Investments 

’Off platform’ IFAs help closed end cause

While the use of platforms by advisers continues on its upward trajectory, a large number of firms are yet to adopt a platform, analysis from IFA database MyTouchstone reveals.

The data shows that 164 IFAs started to use platforms for the first time in the second quarter of 2012, building on the 188 that started using the products in the first quarter of 2012.

The surprising element of the research, however, is that 8,400 IFAs are still to adopt a platform.

Peter Welch, IFA key account director for MyTouchstone, explains: “The data demonstrates that the trend towards platform use marches on, although many IFAs are still to recognise the full benefits of platforms.

“Although the number of IFAs placing all new business ‘off’ platform is slowly decreasing, our data shows there is still a significant segment of the market still to adopt a platform partner. With the RDR just around the corner, many firms may be deferring platform adoption until after they have made the transition.”

While these figures make interesting reading, the large number of advisers dealing “off platform” could benefit investment trusts. Although investment trusts are starting to appear on some wrap platforms and fund supermarkets, advisers largely have to deal direct with brokers and managers to access them.

Aberdeen Asset Management, a major investment trust manager, has continuously warned that the investment trusts need to “generate real adviser demand” before the larger fund platforms are able to realistically distribute the products.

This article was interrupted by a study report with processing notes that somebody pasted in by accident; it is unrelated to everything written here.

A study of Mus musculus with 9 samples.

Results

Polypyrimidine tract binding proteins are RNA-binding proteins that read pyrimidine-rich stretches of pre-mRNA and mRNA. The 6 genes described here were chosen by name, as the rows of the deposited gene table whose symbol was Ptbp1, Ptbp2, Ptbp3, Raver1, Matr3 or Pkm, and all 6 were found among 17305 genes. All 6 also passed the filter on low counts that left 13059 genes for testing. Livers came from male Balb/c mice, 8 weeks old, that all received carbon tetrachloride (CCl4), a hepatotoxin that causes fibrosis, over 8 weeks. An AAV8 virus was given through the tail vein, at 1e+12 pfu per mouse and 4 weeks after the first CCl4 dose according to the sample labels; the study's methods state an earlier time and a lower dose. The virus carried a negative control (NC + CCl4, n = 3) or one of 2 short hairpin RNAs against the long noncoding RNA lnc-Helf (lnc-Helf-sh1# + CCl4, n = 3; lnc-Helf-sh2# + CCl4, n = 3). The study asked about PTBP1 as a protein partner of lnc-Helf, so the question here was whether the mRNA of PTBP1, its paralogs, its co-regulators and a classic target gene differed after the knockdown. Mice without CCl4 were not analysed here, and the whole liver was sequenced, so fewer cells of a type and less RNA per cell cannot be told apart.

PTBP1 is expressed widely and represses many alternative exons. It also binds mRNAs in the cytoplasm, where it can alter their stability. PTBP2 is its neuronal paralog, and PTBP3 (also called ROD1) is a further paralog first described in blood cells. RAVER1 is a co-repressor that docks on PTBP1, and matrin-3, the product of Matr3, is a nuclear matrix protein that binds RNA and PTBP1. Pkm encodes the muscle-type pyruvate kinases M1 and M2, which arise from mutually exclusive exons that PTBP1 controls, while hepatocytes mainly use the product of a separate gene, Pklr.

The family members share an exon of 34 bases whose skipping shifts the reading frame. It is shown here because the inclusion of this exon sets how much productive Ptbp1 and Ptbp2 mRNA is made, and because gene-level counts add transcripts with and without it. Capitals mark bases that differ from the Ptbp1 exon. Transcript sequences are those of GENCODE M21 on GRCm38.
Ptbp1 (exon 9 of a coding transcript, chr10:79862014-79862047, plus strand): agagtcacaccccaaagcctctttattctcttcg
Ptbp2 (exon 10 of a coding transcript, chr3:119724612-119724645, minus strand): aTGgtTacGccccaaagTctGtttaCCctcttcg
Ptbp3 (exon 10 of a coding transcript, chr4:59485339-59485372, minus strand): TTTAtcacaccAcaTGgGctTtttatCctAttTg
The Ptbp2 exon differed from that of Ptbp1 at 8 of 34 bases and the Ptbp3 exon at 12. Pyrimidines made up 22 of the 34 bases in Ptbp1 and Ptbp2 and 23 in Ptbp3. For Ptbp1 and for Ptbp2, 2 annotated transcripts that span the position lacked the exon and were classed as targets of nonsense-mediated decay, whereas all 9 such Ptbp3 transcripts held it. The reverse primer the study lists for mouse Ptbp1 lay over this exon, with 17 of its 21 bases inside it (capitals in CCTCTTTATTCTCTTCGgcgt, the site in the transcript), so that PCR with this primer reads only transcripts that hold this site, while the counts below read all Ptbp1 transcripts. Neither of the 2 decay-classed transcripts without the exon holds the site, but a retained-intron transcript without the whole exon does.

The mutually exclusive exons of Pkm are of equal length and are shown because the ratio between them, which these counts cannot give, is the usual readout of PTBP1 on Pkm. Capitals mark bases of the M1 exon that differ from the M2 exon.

In theory, the RDR should benefit investment trusts as it will force advisers who want to be defined as ‘independent’ to consider all the investment options available to their clients - not just open-ended funds.

David Barron, head of investment trusts at JPMorgan Asset Management, explains: “Investment trusts present new opportunities as they evolve and develop with the markets, and offer a wide choice to investors, from generalist trusts providing a broadly diversified portfolio to highly specialist trusts that can be used to target very specific areas of investment.

“Additionally, their structure can be more suitable than other investment vehicles for both new and more established areas of investment. The strong performance of investment trusts and their competitive charges means that they are an excellent choice for many client portfolios.”

According to Mr Barron, the requirements of the RDR mean that investment trusts are not only becoming more readily available through platforms, but they are also increasingly being classified by their AIC sector or objective rather than lumped together under one heading of ‘Investment Companies’. He suggests this will make identifying and researching different investment trust products simpler.

“Regulatory change is bringing in new charging models and broadening the spectrum of investment products to clients. As such, the introduction of the RDR should bring investment trusts back into focus,” he says.

“In some cases investment trusts may be used as a substitute for other types of investment vehicles, or they may provide exposure to markets and strategies not easily accessible through open-ended funds. However, in general investment trusts can provide an ideal compliment to existing strategies, offering additional diversification opportunities that can help investors meet long-term investment goals.”